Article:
Sheriff Faulkner will retire at the end of November when his current term ends. He has no plans, at this time, to seek re-election.
Elry has served Johnson County for 40 years, after running and winning the election for sheriff at age 27.
There are many stories to be told after 40 years of service, but just a few have been chosen by some people who have worked closely with the sheriff’s department and Elry himself.
Elry has only been shot one time in his entire career.
Before he left his home to try to find three escaped prisoners from the Marion Federal Penitentiary, his wife, Mary, told him to put on his bullet proof vest that he purchased six months before.
At first, he ignored Mary’s request, but he finally gave in and put it on.
Before Elry went on his search for some criminals that same night, he was doing a friend a favor by checking the thermostat at a local church.
He then picked up an extra deputy and on the way, two FBI agents.
When they got to the church, the doors were locked. When Elry tried to get in, that’s when he was attacked by an escapee and was shot in the chest.
Because of the bullet proof vest, he survived.
Don Sanders, owner, editor and publisher of The Vienna Times newspaper (1969-2008) spoke very fondly of Elry:
“My immediate thoughts when thinking of Elry Faulkner… I recall over the past 10 or so years on numerous occasions being asked about Elry’s longevity and saying it did not surprise me because he was nothing other than fair and diligent in doing his job.
He did not play the political game, and one’s personal wealth didn’t enter into the equation either.
For the most part, and, yes, I can speak with some inside knowledge, as we first met when I was a new young owner of the newspaper and he had just been made a Vienna City Deputy Policeman, he was appreciated by the masses.”
Sanders continued, “Watching him and working with him to put the right messages to the public through his time also as deputy sheriff and sheriff were most enjoyable experiences.
He was always respectful in a most professional way.
He rose through the State Sheriff’s Association holding chairs from the bottom to the top.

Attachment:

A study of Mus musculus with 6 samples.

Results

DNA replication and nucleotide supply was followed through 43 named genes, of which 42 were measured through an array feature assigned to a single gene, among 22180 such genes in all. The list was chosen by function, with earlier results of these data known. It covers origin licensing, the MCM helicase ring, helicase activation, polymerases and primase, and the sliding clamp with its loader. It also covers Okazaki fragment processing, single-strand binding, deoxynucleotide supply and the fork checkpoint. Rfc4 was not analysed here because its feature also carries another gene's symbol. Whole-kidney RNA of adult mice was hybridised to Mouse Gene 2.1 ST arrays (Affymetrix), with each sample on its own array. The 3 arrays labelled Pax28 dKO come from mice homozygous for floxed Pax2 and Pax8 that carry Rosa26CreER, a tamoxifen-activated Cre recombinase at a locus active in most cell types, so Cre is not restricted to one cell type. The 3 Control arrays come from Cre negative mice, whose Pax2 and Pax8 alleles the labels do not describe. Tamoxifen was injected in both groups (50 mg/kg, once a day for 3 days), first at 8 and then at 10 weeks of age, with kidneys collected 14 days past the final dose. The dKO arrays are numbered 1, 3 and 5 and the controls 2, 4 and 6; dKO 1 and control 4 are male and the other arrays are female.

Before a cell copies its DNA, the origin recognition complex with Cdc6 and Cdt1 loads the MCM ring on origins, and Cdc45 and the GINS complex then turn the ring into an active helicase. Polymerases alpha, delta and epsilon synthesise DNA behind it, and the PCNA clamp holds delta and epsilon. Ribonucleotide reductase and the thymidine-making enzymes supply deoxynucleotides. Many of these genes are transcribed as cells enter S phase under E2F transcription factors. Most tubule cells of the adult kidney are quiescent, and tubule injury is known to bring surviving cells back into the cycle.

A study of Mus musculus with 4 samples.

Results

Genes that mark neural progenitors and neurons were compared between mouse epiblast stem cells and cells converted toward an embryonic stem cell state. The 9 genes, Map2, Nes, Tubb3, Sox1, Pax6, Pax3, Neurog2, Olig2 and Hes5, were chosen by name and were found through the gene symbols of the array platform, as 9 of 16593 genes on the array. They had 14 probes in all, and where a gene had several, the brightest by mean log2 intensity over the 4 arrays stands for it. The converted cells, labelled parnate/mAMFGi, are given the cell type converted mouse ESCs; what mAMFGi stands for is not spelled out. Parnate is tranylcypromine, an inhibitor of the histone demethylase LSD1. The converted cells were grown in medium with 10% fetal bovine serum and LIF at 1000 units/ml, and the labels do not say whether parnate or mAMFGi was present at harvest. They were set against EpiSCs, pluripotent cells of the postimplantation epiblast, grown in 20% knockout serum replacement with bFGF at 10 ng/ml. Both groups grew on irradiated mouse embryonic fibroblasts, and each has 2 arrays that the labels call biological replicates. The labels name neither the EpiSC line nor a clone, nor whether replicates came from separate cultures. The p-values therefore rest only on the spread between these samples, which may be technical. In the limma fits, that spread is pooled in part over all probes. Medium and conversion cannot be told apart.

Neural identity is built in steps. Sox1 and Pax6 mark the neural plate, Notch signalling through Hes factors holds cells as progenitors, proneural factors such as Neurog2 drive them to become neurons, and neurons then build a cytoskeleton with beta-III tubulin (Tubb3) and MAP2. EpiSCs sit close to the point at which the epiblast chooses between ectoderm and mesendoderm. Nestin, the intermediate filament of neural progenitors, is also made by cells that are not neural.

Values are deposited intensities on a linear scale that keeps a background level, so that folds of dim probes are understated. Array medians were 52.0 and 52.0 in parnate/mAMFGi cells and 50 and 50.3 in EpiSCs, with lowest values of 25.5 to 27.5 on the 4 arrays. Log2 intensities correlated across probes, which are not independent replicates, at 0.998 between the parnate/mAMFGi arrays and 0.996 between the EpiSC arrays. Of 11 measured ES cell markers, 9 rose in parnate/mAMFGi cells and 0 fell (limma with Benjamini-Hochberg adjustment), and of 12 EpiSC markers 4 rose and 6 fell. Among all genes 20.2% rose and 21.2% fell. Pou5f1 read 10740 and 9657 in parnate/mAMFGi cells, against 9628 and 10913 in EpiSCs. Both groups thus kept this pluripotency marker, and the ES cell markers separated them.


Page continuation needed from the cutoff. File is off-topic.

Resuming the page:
There were a few snide remarks early on about his possible “Mayberry” ways; him not being the most suave acting. These were laid to rest soon as his accomplishments and gracious acceptance of awards were recognized.
Personally, we became friends many many years ago. We still are; a fact I am quite proud of,” Sanders said.
Larry Mizell, retired Vienna Correctional Center Warden
Larry Mizell, retired warden of Vienna Correctional Center has known Elry since high school.
“As an individual, I have always admired Elry.
Elry has a personality that has helped him develop relationships and create friends in the community.
He even develops relationships with people he arrests. Arrestees have thanked him before for taking them to prison. They thanked him because he treated them right.
He councels people about their behavior.
Mizell said Elry had a knack for capturing escapees.
While Mizell was still warden, two inmates had escaped from the Vienna Correctional Center. Elry decided he was going to go by Tunnel Hill north of Vienna.
Elry thought the inmates would follow the high line wires to avoid traveling in circles.
One hour later, Elry came back with both of the inmates.
“He knew when to be at the right place at the right time.”
Another story that Mizell shared that showed off Elry’s resourcefulness was a break-in in a trailer.
Firearms were stolen from the trailer.
Elry called all the local pawn shops and others further away. He found the guns and got an arrest.
“He always went above and beyond,” Mizell said.
Mizell continued by talking about Elry’s political career.
“Even when he wasn’t running for office, he would stop at businesses and ask how they were doing. He made a network with people… he is a super person.
Nothing is fake there. Elry is Elry, 100 percent.”
Though there are more stories that could be told and other people that have more stories, the legacy that Elry Faulkner is leaving is due to the passion he has for justice and for the people in his community.
Honoring Sheriff Elry Faulkner
Longest serving sheriff in Illinois
Do you have a story to share of your experiences with Johnson County’s legendary sheriff, Elry Faulkner?
The Vienna Times invites you to honor Sheriff Faulkner in upcoming issues by sharing your experiences with Elry.
No matter how you know Elry – on the right side of the law, or the other – we would like to hear from you.
Each week, now through the Thanksgiving issue (November 27), the Times will dedicate space on page 2 to honoring Elry with your messages.
Participation in this series is free of charge up to 200 words; similar to the space this article takes.
Send your story or comments to The Vienna Times to be included in future issues.
The preferred method of communication would be by email or US mail.
Send your message to:
firstname.lastname@example.org with ‘Elry’ in the subject line, or mail to:
The Vienna Times
PO Box 457
Vienna, Illinois 62995
Due to verification difficulties, social media submissions will not be considered.
You may request that your name not be published, but we do require it with all submissions to be considered. Anonymous requests will be kept confidential.
For the protection of this newspaper, The Vienna Times reserves the right to edit slanderous comments.